When the current Indian prime minister, Narendra Modi, came to power in 2014 he pledged that India would achieve a total of 175 gigawatts (GW) of renewable energy by 2022.
With 110 GW installed on under construction today, from just 35 GW in 2014, they are well on their way to achieving and even exceeding that target, according to data from the Ministry of New and Renewable Energy.
The capital fuelling this boom is coming from both domestic and foreign investors, with the likes of GIC, Goldman Sachs and the Canadian Pension Plan Investment Board among those that have already taken part in funding rounds totalling billions of dollars.
“India is possibly the leading foreign [investment] destination right now for renewable energy,” Sumant Sinha, chairman and managing director of ReNew Power, one of India’s leading renewable power groups, told FinanceAsia.
The figures back up his claims.
Between 2012 and September 2017, the 10-largest investments in renewable energy startups in India topped $1.7 billion, according to data from CB Insights. Leading the way is ReNew Power, with $942 million in disclosed equity funding since its first round in the third quarter of 2011.
Sinha believes that this large influx of foreign investors is down to two core factors – a transparent auction process to allocate capacity and the current fragmented state of the market.
And global investors appear to be keen to back these claims. La Caisse de dépôt et placement du Québec (CDPQ), a long-term institutional investor, boosted its investment in Azure Power, a leading solar player in October to $240 million for a 40% stake.
“Azure Power is a leader in the fast-growing sector of solar power in India, a priority market for CDPQ,” Emmanuel Jaclot, Executive Vice-President, Infrastructure for CDPQ said in a statement confirming the investment.
CAUSE FOR OPTIMISM
The government introduced competitive auctions to allocate capacity in 2015, creating a level and transparent playing field for power producers.
“This means that nobody has any extra ability to capture capacity, there is no way to cheat the system as it is fully transparent. So, typically, most of the auctions are for 1000 megawatts (MW) and are oversubscribed by two to three times for the first round of bidding,” Sinha said.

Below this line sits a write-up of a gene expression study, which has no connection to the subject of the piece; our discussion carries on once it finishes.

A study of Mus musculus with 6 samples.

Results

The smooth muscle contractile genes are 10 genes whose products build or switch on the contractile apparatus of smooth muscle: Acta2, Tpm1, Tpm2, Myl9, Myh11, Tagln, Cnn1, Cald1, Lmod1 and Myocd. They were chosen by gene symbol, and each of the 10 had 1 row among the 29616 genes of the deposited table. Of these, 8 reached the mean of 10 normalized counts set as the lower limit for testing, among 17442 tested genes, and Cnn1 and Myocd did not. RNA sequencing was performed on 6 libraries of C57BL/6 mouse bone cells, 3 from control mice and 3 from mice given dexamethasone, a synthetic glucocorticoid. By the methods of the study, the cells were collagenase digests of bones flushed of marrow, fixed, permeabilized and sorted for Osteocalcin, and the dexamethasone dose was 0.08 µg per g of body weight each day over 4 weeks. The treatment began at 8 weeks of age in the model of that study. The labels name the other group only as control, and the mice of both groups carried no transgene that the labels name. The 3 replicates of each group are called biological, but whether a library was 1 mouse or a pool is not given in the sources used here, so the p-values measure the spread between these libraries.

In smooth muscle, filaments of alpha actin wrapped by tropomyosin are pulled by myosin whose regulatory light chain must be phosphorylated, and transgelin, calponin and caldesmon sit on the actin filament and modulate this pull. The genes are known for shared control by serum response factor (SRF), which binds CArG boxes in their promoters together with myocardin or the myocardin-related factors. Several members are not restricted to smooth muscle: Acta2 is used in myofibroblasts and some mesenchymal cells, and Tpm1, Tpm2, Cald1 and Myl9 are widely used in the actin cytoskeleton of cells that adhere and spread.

All the participants can see all the bids being made during the auction (but not by name) and bidding continues down as participants drop out until the capacity is allocated to the (lowest) winning bid.
“This transparency is very important for us and our investors, as if there is a change of government for example, then we cannot be accused of any hanky-panky, which used to be the case,” Sinha said.
The second core factor, according to Sinha, are the opportunities that such a fragmented market offers for investors.
As one of the largest players in the market, ReNew Power provides about 1% of the total electricity production in India, but only around 9% of the total in renewables, according to Sinha.
So there are many smaller players currently in the market and Sinha thinks the reason for this is simple.
“Getting capital for a new project as a new entrant is easy right now. The entry barriers are low and you are starting from scratch financially, so to speak,” he said.
But getting the capital for the second, or third projects is where Sinha believes many of these new entrants may fail.
"To build a sustainable business, you have to prove to investors that you have a financially sustainable business,” Sinha explained.
“So if you have overextended yourself in your first project, getting finance for future projects will be that much harder. This is where established players, such as ourselves, see the opportunity to acquire the assets after construction, and take out the risks involved during the construction phase,” Sinha said.
To be sure it is still relatively early days in India’s renewable energy sector.
But as the costs of production fall as technology improves, especially in solar power, the opportunities for investors to partner with established players as the market consolidates is one Sinha believes will drive future investment.
ReNew Power has already dipped its toes into the market, acquiring Ostro Energy Private in April for around $1.5 billion, partly funded by the Canadian Pension Plan Investment Board's $247 million investment in ReNew in April.
“As the market consolidates, opportunities to take over existing assets will increase and add value to existing players,” Sinha said.
And where there are opportunities, capital will flow.